How Mouse Gave His Name to the First Year Review

25 April 2017 by Christina Barker

How Mouse Gave His Name to the First Year 

Introducing the first reviews from our staff members, Christina and Taylor. They are at the beginning of their journeys when it comes to learning about the Chinese culture and language. For them to gain a better understanding we invited them to read and review all our books to feedback to everyone.
First in the animal sign series is ‘How Mouse Gave His Name to the First Year’ so it was an obvious choice for them to read this book first.  As well as the normal book reviews, Taylor has given us her feedback on the overall book designs of the animal sign series which will give readers further insight into the books that they may not have necessarily thought about before. We hope you enjoy reading their thoughts as much as we did.   


Title: How Mouse Gave His Name to the First Year (Stories of animal sign series)

Author: Ya Chun Li

Reviewer: Christina Barker

The cover of the book is very appealing to small children with the three larger animals looking down on the small mouse. The first page explains how the Chinese character for ‘mouse’ was developed from the picture of the mouse which I found really interesting and easy to understand. The entire book is written in both languages but in a really simple way so that you can try and follow it.

The illustrations are very colourful and draws the children into the story straight away. I read this story to my five year old boy who was very interested in the story. Our favourite part of the story is when the cheeky mouse enters the race early and doesn’t tell the cat until it’s too late.  We both enjoyed this book following along with the animals in the race. My little boy is now really keen to find out where the rest of the animals came and who didn’t get in the final 12.

At the end of the book there are some useful words in both languages which are easy to read as well as an audio CD. We can’t wait to read the next book!How Mouse Gave His Name to the First Year Review



Reviewer: Taylor Brooker

An interesting feature of this book is how the first page is explaining how the Chinese character for ‘mouse’ was developed from the picture of a mouse. For someone wanting to learn Mandarin, this is really useful because it’s helpful to know where characters derive from, and seeing something visually like this can also help you remember it.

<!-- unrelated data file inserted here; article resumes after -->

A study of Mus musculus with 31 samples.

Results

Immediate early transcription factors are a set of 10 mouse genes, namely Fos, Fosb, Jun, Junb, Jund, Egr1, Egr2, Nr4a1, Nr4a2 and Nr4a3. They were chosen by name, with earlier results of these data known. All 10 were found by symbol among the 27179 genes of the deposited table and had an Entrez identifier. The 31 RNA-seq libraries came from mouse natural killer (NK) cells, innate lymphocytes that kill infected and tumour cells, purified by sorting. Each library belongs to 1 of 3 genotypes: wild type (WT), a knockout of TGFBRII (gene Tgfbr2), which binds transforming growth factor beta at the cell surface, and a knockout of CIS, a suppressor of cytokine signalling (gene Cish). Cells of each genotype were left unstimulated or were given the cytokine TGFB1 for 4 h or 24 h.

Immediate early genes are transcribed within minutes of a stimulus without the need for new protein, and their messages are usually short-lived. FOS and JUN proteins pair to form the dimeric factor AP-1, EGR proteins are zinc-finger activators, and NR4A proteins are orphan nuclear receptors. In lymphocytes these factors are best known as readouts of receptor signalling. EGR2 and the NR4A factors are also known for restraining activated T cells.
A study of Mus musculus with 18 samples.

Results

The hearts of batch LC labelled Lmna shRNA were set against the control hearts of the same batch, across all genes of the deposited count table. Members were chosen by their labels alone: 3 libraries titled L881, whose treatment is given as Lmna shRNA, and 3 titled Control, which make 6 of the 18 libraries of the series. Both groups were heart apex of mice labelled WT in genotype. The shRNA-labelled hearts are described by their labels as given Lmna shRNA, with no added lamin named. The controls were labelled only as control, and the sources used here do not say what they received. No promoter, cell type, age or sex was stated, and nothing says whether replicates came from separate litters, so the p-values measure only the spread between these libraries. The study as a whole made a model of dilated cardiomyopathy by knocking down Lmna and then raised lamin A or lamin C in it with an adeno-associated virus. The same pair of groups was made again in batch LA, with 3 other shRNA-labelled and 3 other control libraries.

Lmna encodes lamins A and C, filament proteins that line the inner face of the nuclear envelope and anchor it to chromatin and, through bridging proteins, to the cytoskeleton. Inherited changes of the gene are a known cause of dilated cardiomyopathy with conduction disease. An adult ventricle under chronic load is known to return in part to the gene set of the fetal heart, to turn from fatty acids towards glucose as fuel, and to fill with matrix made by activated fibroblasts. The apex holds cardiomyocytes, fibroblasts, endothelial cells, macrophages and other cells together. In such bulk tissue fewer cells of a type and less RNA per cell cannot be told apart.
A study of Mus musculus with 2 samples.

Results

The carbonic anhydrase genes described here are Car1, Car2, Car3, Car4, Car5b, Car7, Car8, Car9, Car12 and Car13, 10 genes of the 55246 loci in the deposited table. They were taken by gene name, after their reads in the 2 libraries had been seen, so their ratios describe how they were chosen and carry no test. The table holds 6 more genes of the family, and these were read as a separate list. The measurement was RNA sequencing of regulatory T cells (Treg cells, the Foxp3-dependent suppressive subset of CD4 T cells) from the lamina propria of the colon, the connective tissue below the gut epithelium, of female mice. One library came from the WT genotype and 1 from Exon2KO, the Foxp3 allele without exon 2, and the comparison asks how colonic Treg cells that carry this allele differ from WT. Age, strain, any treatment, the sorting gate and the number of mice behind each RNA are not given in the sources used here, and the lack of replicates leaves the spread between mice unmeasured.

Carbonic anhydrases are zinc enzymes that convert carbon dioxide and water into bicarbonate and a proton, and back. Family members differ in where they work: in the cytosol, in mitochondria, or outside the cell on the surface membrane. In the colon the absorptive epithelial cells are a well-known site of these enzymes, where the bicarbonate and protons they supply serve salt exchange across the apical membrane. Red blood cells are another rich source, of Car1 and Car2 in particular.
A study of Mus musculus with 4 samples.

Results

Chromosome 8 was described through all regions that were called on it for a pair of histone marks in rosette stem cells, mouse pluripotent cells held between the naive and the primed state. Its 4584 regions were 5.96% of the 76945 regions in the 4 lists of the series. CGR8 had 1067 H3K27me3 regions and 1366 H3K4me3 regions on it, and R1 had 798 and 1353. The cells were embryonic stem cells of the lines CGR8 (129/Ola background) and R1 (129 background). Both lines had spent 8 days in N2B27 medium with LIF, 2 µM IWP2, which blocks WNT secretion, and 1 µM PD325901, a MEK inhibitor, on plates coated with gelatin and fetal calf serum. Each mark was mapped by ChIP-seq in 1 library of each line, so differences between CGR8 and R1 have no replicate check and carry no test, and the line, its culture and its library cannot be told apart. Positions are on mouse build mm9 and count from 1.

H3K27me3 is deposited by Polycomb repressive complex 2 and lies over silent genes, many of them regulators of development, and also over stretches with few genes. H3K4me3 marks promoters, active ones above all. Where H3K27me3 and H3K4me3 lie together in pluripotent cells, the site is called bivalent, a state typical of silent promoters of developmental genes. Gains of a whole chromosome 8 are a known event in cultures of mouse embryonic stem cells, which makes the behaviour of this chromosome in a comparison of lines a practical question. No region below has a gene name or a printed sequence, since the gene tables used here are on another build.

Something I love about the book is how we’re told about the story of cat and mouse. Everyone knows that cats and mice don’t get on, but this book gives us more insight as to why, which I found really interesting – who knew cat and mouse were once best friends before the zodiac race?! 

The book is full of beautiful hand-painted illustrations, which are clearly influenced by eastern art styles, something that you can see in all of Snowflake’s books. The cover on this book is my favourite of all the book covers, just because it’s so simple, but effective, and the mouse looks so cute! The colours are more muted than they are on some of the other animal zodiac books, but the line-work speaks for itself as it’s so simply but intricately drawn, meaning that it expresses emotions really well. Only the mouse is painted in colour, meaning that it stands out the most so children can immediately see who the book is about and who they should be rooting for in the story before they even open the book.


Analysis of All Snowflake Books Design:

From the wrap-around cover to the stunning and consistently-painted illustration throughout, the books are beautifully designed, allowing the reader to easily explore the traditional Chinese stories. Every book is child-friendly, with large enough text and colourful paintings, but still suitable for adults because of how lovely the paintings and stories are, and how easy they make it to learn Mandarin words. Underneath each small block of English text is the same text written in Mandarin, along with the pinyin. To any designer, the task of putting two blocks of text on one page is a challenge, as it’s easy to overcrowd the page and take over from the visuals, but each illustration has been done with the overall design in mind, meaning that the text never takes away from the art, but works in harmony with it to tell the story. Even if you’re a native English speaker who just wants to enjoy the story and not learn Mandarin, the Chinese characters don’t disrupt your reading as it’s always directly underneath the English, so your eye isn’t drawn elsewhere.

How Mouse Gave His Name to the First Year Review 

Most of the illustrations are done in watercolour, giving the books a unique feeling, making each one feel timeless and as though it can be passed down through generations. The illustrations are intricate but still have the movement needed to visually tell stories, especially to children, as it gives the sense of movement and reality, and makes the characters more believable. Also, a key aspect of making a picture book work is making sure the imagery tells the story without the text, as young children won’t be reading the story, but relying on the pictures to tell the story and convey the message and emotions, and Snowflake’s books definitely do that. Each character in the illustrations has personality and their emotions can be read easily – as an illustrator myself, I know that’s difficult to achieve!

Another great feature of the books is how they all have certain words in a different colour to the rest of the text, which helps the reader learn Mandarin, or English. Those highlighted words are also in the back of each book as a mini dictionary. I particularly love this feature because it really breaks it down and makes it easier to learn a new language!


Look out for more reviews from Taylor and Christina soon!